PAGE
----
WHO says COVID no longer constitutes a 'global emergency'

According to the World Health Organization (WHO), thousands die of COVID weekly, and the virus plunged millions into poverty.

WHO says COVID no longer constitutes a 'global emergency'

"It's with great hope that I declare COVID over as a global health emergency," said WHO Director-General Tedros Adhanom Ghebreyesus on Friday, with most countries returning to pre-COVID normalcy.

On Thursday, Tedros convened with experts who decided to lower its highest alert level the following day. "That does not mean COVID is over as a global health threat," he warned, adding he would consult experts to reassess the situation should COVID "put our world in peril."

For three years, global responses to 'flattening the curve' upended economies, disrupted supply chains and revealed nagging issues with "ill-prepared" healthcare systems. The Canadian Press said the respiratory virus killed at least 7 million people worldwide.

According to WHO, while thousands die of COVID weekly, government responses to the virus plunged millions into poverty.

"COVID has changed our world, and it has changed us," said the WHO Director-General, who declared COVID an international crisis on January 30, 2020.

The U.N. health agency estimated 764 million cases globally and approximately 5 billion people with at least one COVID jab. He frequently criticized wealthy countries for hoarding COVID vaccines at a time he claimed the world was on the brink of a "catastrophic moral failure."

According to an Auditor report published last December, Health Canada had a large vaccine surplus, leading to $1 billion in vaccine wastage before the country could use them domestically or donate them abroad. After the fact, they also purchased more doses from Pfizer and Moderna, further contributing to the vaccine oversupply.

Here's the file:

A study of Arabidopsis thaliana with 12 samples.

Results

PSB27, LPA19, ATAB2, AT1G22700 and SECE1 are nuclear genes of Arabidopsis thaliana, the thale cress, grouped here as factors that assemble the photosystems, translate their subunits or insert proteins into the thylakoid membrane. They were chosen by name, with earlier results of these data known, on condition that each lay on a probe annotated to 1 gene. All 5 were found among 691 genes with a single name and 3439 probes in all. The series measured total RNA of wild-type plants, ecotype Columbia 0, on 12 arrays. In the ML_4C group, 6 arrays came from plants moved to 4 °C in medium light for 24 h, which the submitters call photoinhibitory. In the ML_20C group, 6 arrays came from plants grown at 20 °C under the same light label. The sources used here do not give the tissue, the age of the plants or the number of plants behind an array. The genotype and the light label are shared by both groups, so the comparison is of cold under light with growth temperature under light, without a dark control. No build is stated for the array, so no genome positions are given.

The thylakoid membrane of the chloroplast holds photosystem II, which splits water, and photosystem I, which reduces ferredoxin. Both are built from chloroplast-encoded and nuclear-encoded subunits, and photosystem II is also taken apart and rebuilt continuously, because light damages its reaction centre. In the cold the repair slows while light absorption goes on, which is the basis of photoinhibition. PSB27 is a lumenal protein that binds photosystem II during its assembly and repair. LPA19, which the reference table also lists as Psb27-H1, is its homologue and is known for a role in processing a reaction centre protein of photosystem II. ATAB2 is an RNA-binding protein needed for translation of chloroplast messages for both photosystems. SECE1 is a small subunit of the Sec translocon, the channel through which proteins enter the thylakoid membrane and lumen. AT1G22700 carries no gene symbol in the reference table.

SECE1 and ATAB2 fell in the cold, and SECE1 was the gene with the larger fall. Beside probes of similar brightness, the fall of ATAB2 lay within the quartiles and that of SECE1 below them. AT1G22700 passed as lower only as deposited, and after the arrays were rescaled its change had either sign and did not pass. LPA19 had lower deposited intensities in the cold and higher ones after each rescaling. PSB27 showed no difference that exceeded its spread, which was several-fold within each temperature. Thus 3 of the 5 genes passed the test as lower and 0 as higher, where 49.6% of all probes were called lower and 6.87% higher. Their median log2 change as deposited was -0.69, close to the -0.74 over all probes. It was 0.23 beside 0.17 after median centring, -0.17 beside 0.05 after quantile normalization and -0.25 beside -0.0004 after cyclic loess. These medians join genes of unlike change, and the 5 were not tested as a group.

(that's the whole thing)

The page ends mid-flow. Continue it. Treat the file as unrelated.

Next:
International Development Minister Harjit Sajjan explained the demand in developing nations was less than they had hoped. Auditor General Karen Hogan said another 21.7 million doses would expire if they failed to identify countries to take them.

"That market saturated, resulting in the Canadian government not being as successful as they could, but in my view, it was a prudent approach," said Hogan.

The federal government previously claimed it donated 50 million doses during the pandemic, but only 15.3 million went overseas. They also aided developing countries in paying for 90 million more doses.

"One of the things that we're focused on now is reinforcing the health systems within those nations. So if a pandemic were to come back, we would be able to distribute vaccines equitably," said Sajjan.

On Friday, Tedros acknowledged COVID posed a declining threat for the better part of a year, but he called recent case spikes in Southeast Asia and the Middle East a cause for concern. 

The global health bureaucracy has yet to identify the origins of the respiratory virus, which they conclude "is a challenging scientific endeavour that has also become politically fraught."

In 2021, the WHO reported that COVID originated from animals and "jumped" into humans. They vehemently dismissed the possibility that it came from a lab, only to backtrack the following year.

In 2022, the WHO said it missed "key pieces of data" and ultimately said it was premature to rule out that COVID originated in a lab.